Murder Among the Mormons is a docuseries on Netflix that dives into the 1985 Salt Lake City bombings that targeted the Mormon community. This event is not widely known, somewhat purposely as the Mormon community themselves do not like to talk about it. Perhaps it is because of how tragic of a story it is, but it may also have to do with how the motive is tied to the religion itself.
Mormonism began just 150 years ago by a man named Joseph Smith. Because the religion was so new, artifacts were not exactly plentiful. So in the 1970s, Leonard Arrington, a Mormon church historian, started an initiative to collect all documents related to the church. This meant the document dealers took a sudden interest in this Mormon market. One document dealer in particular, Mark Hofmann, made a name for himself in the documentation dealing business first with Mormon documents and later expanded his business to other historic letters.
In 1980, Hofmann claimed to have found a letter from Joseph Smith himself tucked into an old Bible. Shortly after this shocking discovery, Hofmann found what is now known as The Salamander Letter which questioned the entire foundations of the church. Hofmann continued to find rare, unusual artifacts pertaining to the Mormon church. Then, in 1985, Hofmann made his most outrageous claim that he had a collection of documents, known as the McLellin Collection, that included a letter from Emma Hale Smith, Joseph Smith’s wife, that cast even more doubt on the beginnings of the Mormon church. The Mormon church along with an authenticator named Steven Christensen were prepared to give Hofmann $300,000 for the documents. The deal never went through, however, as Hofmann did not forge the documents fast enough.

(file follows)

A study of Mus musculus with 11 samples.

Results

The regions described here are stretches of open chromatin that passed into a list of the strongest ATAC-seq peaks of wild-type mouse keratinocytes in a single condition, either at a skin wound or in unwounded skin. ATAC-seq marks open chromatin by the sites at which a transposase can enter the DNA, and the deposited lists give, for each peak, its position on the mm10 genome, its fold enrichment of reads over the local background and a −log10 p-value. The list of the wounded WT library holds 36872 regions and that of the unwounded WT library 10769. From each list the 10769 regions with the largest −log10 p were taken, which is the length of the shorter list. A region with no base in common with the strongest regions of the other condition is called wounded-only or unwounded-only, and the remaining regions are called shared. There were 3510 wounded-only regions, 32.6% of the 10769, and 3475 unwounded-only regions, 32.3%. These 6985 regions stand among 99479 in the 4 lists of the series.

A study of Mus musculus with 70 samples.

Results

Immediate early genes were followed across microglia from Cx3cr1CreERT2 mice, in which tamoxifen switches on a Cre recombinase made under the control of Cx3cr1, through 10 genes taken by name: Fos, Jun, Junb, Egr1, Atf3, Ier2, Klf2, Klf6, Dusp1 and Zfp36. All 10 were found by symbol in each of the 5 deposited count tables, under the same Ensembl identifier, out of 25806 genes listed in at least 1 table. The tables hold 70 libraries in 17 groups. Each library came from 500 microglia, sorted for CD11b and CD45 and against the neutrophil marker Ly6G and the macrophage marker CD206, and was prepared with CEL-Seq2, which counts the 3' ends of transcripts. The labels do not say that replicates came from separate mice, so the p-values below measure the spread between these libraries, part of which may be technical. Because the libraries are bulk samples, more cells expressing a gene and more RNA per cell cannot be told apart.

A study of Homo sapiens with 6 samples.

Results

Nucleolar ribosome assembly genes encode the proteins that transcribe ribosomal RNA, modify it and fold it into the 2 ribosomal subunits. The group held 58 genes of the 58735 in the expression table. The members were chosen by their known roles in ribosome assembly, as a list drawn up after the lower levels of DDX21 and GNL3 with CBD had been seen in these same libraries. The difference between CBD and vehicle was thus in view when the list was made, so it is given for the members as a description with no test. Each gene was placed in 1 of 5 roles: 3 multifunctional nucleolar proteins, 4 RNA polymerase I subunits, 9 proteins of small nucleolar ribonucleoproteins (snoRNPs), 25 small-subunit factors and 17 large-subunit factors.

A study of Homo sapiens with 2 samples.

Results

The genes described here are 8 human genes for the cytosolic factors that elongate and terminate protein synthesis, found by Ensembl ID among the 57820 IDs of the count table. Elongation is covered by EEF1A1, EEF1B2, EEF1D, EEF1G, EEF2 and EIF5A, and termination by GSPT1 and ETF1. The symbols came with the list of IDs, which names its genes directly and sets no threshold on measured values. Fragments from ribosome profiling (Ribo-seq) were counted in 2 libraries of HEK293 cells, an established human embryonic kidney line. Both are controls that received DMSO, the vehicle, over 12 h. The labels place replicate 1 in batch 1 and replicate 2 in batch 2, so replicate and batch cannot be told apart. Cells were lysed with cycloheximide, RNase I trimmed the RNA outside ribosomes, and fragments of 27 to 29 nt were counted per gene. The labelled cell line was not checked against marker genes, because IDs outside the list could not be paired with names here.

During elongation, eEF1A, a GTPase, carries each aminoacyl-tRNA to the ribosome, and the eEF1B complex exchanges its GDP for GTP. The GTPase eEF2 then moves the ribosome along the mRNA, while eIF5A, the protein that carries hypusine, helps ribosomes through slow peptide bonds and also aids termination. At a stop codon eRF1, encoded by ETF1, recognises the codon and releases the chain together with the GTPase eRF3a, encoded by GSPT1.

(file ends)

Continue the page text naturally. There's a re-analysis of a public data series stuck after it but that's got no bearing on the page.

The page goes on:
After public scrutiny of Hofmann’s inability to produce the collection, he turned to dire and deadly measures in an attempt to get himself out of the mess he made. On October 15, 1985, a pipe bomb went off inside an office building called the Judge building in Salt Lake City, UT, killing Steven Christensen. An hour later, another pipe bomb went off in the home of Christensen’s former associate, Gary Sheets. Sheets was not home, but his wife Kathy was. She was killed in the explosion. The next day, a third pipe bomb went off in Hofmann’s car with him and the so-called “McLellin Collection” inside of it. Hofmann survived the bombing.
Document dealers were interviewed as potential suspects, but it wasn’t long until a fellow artifacts dealer identified Hofmann as the man who dropped off the package at the Judge building on the day of the bombings. The FBI began investigating the documents that Hofmann was selling, starting with the Salamander Letter. One hundred hours of scrupulous investigation determined that the Salamander Letter was forged by Hofmann. Subsequently, investigators found that Hofmann had forged documents that cost buyers over a half of a million dollars.
Hofmann was arrested in February 1986 and was found guilty on two accounts of second-degree murder and two counts of theft by deception. Hofmann was interviewed from jail, and he admitted to forging the documents and committing the bombings to cover it up. Additionally, Hofmann confirmed that the third bomb set off in his car was an attempt to take his own life.
While the forged documents have been removed from circulation in the Mormon faith, Mark Hofmann has made irreparable damage in the Mormon faith. He is currently serving a life sentence in Utah.